The Ancient Kingdom
Axum is Ethiopian oldest urban settlement. The Axumite kingdom was one of the greatest African civilizations after Egypt and Meroe; it was flourished in the first millennia BC. Axum was the capital and major religion center; it remains the site of many remarkable antiquities, including the famous monolithic obelisks, or stelae, Ancient stone inscriptions, the ruins of very old palace of Queen of Sheba and graves of Axumite kings and ancient gold, silver and bronze coins. Axum, in its heyday, was a great commercial centre, issuing its own currency, and trading with Egypt, Arabia, Persia, India, and even Ceylon.
The three giant monolithic stelae are carved to represent multistoried buildings with a pseudo-door, different type of windows and the so-called ‘monkey-heads’ in Axumite architectural style. The largest obelisk, which was 32.6 meters long and weighed 517 tons, is the biggest piece of stone ever hewn out by man from the quarries of the ancient world.
Church of St Mary of Zion
Axum is also famous for its St. Mary of Zion Church, is the oldest of all churches in Ethiopia, rich for its historic and ecclesiastical relics as well as the original Ark of the Covenant is housed in. The Ethiopian epic, the Kibre Negest (Glory of the Kings) tells us that Menelik I, the son of the Queen of Sheba and King Solomon, brought the original Ark of the Covenant from Jerusalem to Axum and thereby established one of the world’s longest known and uninterrupted monarchical dynasties. Impressive ruins, monuments and archaeological artifacts abound in and around Axum attesting to the solid, articulate, confident, literate and resourceful strength of this civilization.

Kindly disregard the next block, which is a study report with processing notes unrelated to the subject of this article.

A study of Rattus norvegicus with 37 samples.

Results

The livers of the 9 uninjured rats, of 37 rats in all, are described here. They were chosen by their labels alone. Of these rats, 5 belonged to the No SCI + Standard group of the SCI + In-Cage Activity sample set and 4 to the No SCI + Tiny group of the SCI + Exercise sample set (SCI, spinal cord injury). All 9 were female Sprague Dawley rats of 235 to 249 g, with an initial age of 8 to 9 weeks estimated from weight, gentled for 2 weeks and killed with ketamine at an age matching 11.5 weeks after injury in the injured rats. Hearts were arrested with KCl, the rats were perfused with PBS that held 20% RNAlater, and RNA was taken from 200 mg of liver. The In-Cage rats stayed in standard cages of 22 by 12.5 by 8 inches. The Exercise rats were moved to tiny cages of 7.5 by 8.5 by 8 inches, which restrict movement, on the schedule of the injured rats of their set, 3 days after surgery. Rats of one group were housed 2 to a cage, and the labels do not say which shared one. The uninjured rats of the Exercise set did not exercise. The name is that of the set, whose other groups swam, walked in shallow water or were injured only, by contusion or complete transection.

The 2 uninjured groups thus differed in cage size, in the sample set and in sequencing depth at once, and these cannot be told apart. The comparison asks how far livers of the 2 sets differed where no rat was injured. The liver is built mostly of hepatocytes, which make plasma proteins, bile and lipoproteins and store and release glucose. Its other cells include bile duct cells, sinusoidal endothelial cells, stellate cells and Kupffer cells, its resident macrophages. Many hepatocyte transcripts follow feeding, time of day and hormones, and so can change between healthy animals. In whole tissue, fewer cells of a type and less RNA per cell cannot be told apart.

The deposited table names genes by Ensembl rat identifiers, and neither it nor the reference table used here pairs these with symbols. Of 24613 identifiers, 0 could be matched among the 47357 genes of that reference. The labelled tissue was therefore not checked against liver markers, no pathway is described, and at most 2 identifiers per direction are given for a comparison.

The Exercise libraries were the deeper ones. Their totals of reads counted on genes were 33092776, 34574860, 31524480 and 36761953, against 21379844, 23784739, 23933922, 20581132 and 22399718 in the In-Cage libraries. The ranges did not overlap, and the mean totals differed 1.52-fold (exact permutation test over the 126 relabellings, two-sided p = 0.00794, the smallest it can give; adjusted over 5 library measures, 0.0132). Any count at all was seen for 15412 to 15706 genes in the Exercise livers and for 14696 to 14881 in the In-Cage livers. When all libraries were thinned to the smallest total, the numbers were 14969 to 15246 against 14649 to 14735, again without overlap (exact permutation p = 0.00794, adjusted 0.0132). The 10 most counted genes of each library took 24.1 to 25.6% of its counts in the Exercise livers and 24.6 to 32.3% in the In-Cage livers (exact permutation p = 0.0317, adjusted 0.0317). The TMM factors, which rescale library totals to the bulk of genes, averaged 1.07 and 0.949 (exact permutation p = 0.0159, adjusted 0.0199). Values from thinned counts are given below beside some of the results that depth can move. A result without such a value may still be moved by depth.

The Ark of the Covenant is believed still to be kept in the Church of St. Mary of Zion erected on the original location of the oldest church of Ethiopia. The Axumite Kingdom's conversion to Christianity in the 4th century makes Ethiopia, after Armenia and Georgia, the third oldest Christian country.